Bandwidth — the hidden truth behind your burnout.
What’s the most important thing to remember about living a productive life?
Parkinson’s Law. Space and Time expand to fill the void. Here’s why. In my Behavior Mastery program, where I guide high achievers through 30 days of behavior tracking, everyone discovers for themselves one powerful insight — BANDWIDTH.
That’s right. You have a bandwidth. It’s equal to the average amount of things you actually do on any given day.
My latest client has been in the program for just three days. In those three days, on the first day she did 100 actions. On the second day, she accomplished 50. On the third day, she accomplished just over 40.
She then messages me feeling numb, depressed, and trying to figure out why she gets so burned out and confused about her life and her business.
The reason is simple — she overwhelms her bandwidth.
In the first three days of the program, I saw it immediately. She went heavy on the first day, and then went back to what she’s naturally capable of achieving. This isn’t something that’s wrong, it’s just the way her system is built — she’s able to handle about 40 things every day and therefore, should only do 40 things a day.
People do this all the time. You’re probably doing it unconsciously — planning to do more than you’re capable of, falling behind on yourself, and then feeling shitty about it.
Here’s the thing (and why this really matters): In my Behavior Mastery program, when I review the data, I’ll find that you have a daily action average — the number of things you can sustainably every day.
Mine is 25. I can do 25 things in a day, sustainably, without binging on video games. If I do any less, I naturally want to stay up late and do stupid shit. If I do more, I’ll naturally take a day to be ‘sick’ and just sleep.
I’ve become aware of this because I track my behavior.
Most people think that the way to be successful or fulfilled in life is to TAKE MASSIVE ACTION — and so they get excited about changing their lives and overwhelm their bandwidth by planning all these big changes in their life, and then they crash and burn.
Here’s the rule — ADDING MORE TO YOUR LIFE USUALLY ISN”T GOING TO WORK.
The idea is to work inside what’s already working.
If you have a car that’s not performing correctly, is the first idea to jack on a 400hp supercharger and turbo boost? Umm…. no. You’ll blow up your engine, because the problem might just be a spark plug or a gasket. Fixing what’s inside the engine first, might help it work properly. That’s what a mechanic does.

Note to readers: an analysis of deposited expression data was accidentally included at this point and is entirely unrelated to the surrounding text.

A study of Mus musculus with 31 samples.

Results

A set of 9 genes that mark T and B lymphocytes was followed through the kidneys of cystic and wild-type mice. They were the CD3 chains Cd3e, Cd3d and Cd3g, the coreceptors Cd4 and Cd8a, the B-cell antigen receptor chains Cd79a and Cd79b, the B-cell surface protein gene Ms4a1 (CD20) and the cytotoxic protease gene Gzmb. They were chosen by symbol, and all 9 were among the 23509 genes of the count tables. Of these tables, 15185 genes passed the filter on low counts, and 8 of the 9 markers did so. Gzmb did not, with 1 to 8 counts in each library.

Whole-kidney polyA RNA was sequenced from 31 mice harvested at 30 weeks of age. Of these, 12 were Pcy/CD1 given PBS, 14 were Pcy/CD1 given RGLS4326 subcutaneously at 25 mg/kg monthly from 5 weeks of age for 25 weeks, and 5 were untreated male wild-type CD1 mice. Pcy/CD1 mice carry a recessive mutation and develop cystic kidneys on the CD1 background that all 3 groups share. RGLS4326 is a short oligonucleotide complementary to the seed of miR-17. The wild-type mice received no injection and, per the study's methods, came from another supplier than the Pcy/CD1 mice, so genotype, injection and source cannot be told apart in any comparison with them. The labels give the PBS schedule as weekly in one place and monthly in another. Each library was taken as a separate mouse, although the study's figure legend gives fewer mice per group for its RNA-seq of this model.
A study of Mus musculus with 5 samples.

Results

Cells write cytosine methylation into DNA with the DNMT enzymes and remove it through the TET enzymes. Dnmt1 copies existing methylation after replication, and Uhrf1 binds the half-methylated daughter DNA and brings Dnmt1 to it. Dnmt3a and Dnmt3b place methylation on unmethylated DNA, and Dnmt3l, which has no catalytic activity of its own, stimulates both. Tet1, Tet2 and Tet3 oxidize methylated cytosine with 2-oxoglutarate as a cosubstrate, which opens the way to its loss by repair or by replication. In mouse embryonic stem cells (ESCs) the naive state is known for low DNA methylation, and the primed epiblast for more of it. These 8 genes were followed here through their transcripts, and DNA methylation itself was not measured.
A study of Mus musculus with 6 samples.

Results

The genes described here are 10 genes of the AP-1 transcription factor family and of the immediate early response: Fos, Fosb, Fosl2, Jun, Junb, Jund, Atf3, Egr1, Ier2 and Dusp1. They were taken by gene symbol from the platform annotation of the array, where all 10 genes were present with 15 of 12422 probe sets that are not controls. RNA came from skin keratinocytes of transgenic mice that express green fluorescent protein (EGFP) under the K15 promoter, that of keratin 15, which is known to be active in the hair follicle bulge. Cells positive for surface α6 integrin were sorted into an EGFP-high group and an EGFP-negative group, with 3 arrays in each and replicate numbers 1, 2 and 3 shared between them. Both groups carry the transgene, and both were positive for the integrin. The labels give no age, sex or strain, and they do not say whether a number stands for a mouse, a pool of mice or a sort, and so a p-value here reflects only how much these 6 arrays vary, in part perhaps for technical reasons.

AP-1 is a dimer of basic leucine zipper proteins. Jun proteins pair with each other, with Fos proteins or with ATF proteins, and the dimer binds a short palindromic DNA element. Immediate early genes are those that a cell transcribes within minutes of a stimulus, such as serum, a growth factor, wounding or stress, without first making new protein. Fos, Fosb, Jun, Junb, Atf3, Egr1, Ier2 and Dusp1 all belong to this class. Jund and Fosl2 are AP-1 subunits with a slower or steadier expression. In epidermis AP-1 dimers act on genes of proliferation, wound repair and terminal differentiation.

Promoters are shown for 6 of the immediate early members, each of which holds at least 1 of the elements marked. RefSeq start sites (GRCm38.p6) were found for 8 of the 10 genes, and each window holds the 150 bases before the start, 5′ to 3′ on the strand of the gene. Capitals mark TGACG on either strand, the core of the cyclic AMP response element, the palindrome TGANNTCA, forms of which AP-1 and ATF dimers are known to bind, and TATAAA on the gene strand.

People don’t act like mechanics. They think that the way to get more is to do more, and this is almost always incorrect.
This relates to Parkinson’s Law because it’s playing out in this concept — if you don’t fill your day with high priority actions, it will automatically fill with desperate ones. Likewise, if you put more space and time than the void can fill, you’ll spill over like a glass of water and then have to clean up the mess.
This is why ALL of my clients undergo behavior tracking. Why? Because most of my clients are in some way students of personal development, but nearly ALL OF THEM forget that in order to do that, you must know your person — and the fact is, most people have no idea who they are because they don’t clearly understand what they’re doing. That’s not to say that you’re stupid or ignorant, but the reality is that most of your behaviors are done automatically and thus, you don’t think about it.
You just live day to day, doing the same thing every day, sometimes expecting to have a different result, while sometimes buying into some delusional ideology or personal development program that promises that if you do this and this and this, you’ll change your life… and add 10 things to your ’25 per day’ bandwidth, and then find yourself burning out, binging, and reverted back to your original state.
The real and raw personal development that I’m dedicated to inspiring into you is becoming aware of what your bandwidth is, what’s in it, and working inside of that to transform what you’re capable of doing. That’s where real change happens, because it’s something you can handle.
It’s also the only way I can guarantee a result — because it’s ONLY ABOUT YOU. It’s not about you learning some new pseudo science or bowing to some cult leader or outlandish one-sided ideology that attempts to support your weak self-righteousness (or rationalize the intelligence of your teacher at your expense).
Personal development is about you, your life, as it is — starting from there and developing THAT.